Published November 17. 2013 4:00AM
New London — Saturday night's Eastern Connecticut Symphony Orchestra was a study in contrasts: voices high and low — with spotlighted works for double bass and for soprano — music concise and sprawling, and orchestral groupings that ranged from a spare 20-piece ensemble to a late Romantic orchestra with so many instruments many of the principals did double duty on different instruments.
Most remarkable was that rarest of concertos, one for double bass, which gave crucial, longtime ECSO principal Thomas Green a chance to take his bow as a soloist. With few tuneful and accessible bass concertos to choose from, Green selected Giambattista Cimador's late 18th century Double Bass Concerto in G Major for the concert at the Garde Arts Center.
A fairly non-descript Classical era structure, the concerto showcased Green's virtuosity, with dashing passagework the length of the neck — more than four times the length of a violin's. The final section of the concerto, in which Green was accompanied by a 20-piece ensemble to avoid burying the bass's soft voice, he stabbed up into high registers seldom heard from the instrument.
Green clearly had a ball, and at the conclusion, he raised his arms like a runner breaking the tape, then comically used both hands to urge on the audience for more applause. The performance was good exposure for his instrument, giving the audience an up-close look at bowing technique for the big fiddle, well-deserved kudos for Green and full of good spirits.
The biggest contrast of the evening was between the two works featuring the winning Canadian soprano Mireille Asselin: Samuel Barber's 15-minute-long, 1947 "Knoxville Summer of 1915," drawing its evocative text from a James Agee short story depiction of childhood contentment and fears, and Gustav Mahler's 55-minute 1902 Symphony in G Major, which concludes with an orchestral song, "The Heavenly Life," based on a traditional folk poem.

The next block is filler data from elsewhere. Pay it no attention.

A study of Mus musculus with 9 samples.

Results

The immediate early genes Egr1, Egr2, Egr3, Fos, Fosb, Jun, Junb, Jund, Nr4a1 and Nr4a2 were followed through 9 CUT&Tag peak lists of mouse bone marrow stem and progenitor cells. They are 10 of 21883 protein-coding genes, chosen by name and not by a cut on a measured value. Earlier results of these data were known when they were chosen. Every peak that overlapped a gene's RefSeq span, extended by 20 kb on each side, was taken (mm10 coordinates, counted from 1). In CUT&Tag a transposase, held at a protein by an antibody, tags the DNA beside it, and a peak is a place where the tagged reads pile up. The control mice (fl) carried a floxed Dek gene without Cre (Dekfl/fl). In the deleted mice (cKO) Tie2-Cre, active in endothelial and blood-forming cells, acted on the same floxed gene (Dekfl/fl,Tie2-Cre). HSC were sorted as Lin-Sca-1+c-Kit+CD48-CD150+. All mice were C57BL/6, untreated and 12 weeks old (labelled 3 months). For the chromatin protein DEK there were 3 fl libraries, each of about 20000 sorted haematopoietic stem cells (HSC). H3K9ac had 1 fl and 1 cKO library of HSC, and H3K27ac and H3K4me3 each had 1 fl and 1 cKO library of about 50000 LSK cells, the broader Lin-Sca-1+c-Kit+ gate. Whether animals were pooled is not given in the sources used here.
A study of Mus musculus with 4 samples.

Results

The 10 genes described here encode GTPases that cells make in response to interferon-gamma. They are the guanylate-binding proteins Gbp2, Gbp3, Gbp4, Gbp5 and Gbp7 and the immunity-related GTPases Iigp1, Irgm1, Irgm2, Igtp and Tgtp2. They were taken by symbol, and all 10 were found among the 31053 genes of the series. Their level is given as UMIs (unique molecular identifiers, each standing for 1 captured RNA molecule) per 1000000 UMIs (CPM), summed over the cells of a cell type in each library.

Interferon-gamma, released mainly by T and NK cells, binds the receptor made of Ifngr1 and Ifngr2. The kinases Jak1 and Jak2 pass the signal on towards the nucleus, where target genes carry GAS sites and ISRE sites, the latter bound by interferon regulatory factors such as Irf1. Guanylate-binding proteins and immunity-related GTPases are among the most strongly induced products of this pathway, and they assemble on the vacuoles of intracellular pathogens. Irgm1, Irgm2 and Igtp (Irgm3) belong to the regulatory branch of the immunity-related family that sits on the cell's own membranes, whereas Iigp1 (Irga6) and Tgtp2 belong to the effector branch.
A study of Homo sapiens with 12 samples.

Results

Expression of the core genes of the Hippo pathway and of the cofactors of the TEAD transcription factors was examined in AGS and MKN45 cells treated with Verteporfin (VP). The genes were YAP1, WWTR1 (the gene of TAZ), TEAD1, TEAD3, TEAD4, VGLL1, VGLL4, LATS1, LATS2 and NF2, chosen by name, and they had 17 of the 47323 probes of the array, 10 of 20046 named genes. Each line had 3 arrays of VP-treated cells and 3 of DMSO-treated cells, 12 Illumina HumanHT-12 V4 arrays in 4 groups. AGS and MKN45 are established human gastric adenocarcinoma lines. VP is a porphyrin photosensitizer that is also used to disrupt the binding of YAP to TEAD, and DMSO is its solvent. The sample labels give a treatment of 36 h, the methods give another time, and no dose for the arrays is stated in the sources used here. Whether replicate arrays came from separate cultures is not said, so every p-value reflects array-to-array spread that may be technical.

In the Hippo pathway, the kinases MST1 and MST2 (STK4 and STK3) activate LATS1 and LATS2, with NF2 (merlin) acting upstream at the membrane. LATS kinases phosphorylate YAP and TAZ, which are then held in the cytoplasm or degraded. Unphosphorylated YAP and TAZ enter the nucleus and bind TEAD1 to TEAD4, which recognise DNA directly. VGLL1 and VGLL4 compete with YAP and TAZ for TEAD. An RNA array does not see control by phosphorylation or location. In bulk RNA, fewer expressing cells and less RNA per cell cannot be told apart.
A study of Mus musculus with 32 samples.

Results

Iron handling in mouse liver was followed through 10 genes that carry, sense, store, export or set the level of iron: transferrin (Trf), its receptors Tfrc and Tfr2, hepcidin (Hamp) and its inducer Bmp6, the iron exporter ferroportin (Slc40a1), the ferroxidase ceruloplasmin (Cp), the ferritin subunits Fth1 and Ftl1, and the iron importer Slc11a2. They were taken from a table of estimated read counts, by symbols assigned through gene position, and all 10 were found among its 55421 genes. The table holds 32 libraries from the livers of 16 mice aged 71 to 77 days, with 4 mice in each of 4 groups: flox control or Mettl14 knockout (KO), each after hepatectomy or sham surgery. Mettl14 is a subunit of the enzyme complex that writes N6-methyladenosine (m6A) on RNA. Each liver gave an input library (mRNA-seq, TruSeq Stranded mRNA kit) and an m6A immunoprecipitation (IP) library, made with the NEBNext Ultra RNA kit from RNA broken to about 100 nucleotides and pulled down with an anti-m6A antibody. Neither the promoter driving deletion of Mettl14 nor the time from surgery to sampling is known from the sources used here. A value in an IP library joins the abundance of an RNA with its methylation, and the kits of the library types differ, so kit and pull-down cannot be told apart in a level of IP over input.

Barber's score is all concise beauty and childlike dreaminess, tinged with uncertainty from Agee's text, full of imagery of a summer's evening that all Americans can relate to. Mahler's sprawling score (at 55 minutes, one of his shortest symphonies) is one of orchestral lushness and seemingly endless variations on memorable motifs. The text for the cartoonish poem in the final movement's song was omitted from the program notes, so the audience was spared its details about the fine asparagus to be found in heaven (really) and how St. Peter fishes in the heavenly pond and St. Martha cooks up the catch.
With a fresh, agile voice, Asselin was excellent in both settings. Her operatic training served her well, especially in telling Agee's story in singing prose. Reaching out to the audience in voice and in character, her subtle gestures in lines such as when the night locusts "enchant my eardrums" and the quick drama of "the stars wide and alive," were captivating.
ECSO Music Director Toshi Shimada brought out the best of the transparent score, airy as a summer night and as tumultuous as a child's emotions, and the final dramatic passages of prayer and bewilderment were fully operatic in impact.
The second half of the concert was not as successful, in part due to scale. Mahler, much like his peer Anton Bruckner, seemed to equate size with grandeur, and the performance flagged as it progressed Saturday.
Mahler reportedly said the first three movements evoke the serenity of heaven, and fears about mortality, while the final movement takes us to heaven. Musically, it is a journey from complexity to simplicity as the movements progress.
The opening movement's complexity and contrasting lyricism and drama were spot-on from the beautifully drawn arc of the lilting exposition through the dissonant explosion in the development. Key principals, including French hornist Dana Lord and trumpeter Julie Caruk, were expressive in key moments, and the ensemble drove forward with a keen sense of direction, through all of its twists and turns.
The macabre, devilish dance of the scherzo was eerie and disconcerting, with principals called upon to play in decidedly unlovely timbres and concertmaster Stephan Tieszen alternating between his normal violin and one tuned a pitch higher, to create a ghoulish sound world.
But in the emotional epicenter of the symphony, the 25-minute slow movement, momentum and articulation broke down. Despite some fine voicings early, particularly by oboe principal Anne Megan, both ensemble in the string sections and individual chops ran ragged as it dragged on.
The usually morbid Mahler (the composer of Kindertotenlieder — "Songs on the Death of Children") explained that this calm vision of eternity was inspired by seeing peaceful figures carved on a sepulcher, but this serenity became moribund Saturday. Whether the score is overly long is debatable, but the orchestra clearly flagged, and the audience grew restive.
Asselin took the stage to infuse her fresh voice and spirited stage presence — and a brightening of the score — for the final movement, but even here, the orchestral interludes felt forced and overplayed.
But the audience had its memories of Green's spirited performance and the riveting Barber/Agee to take home and were spared the imagery of asparagus in heaven, so the evening did have its triumphs.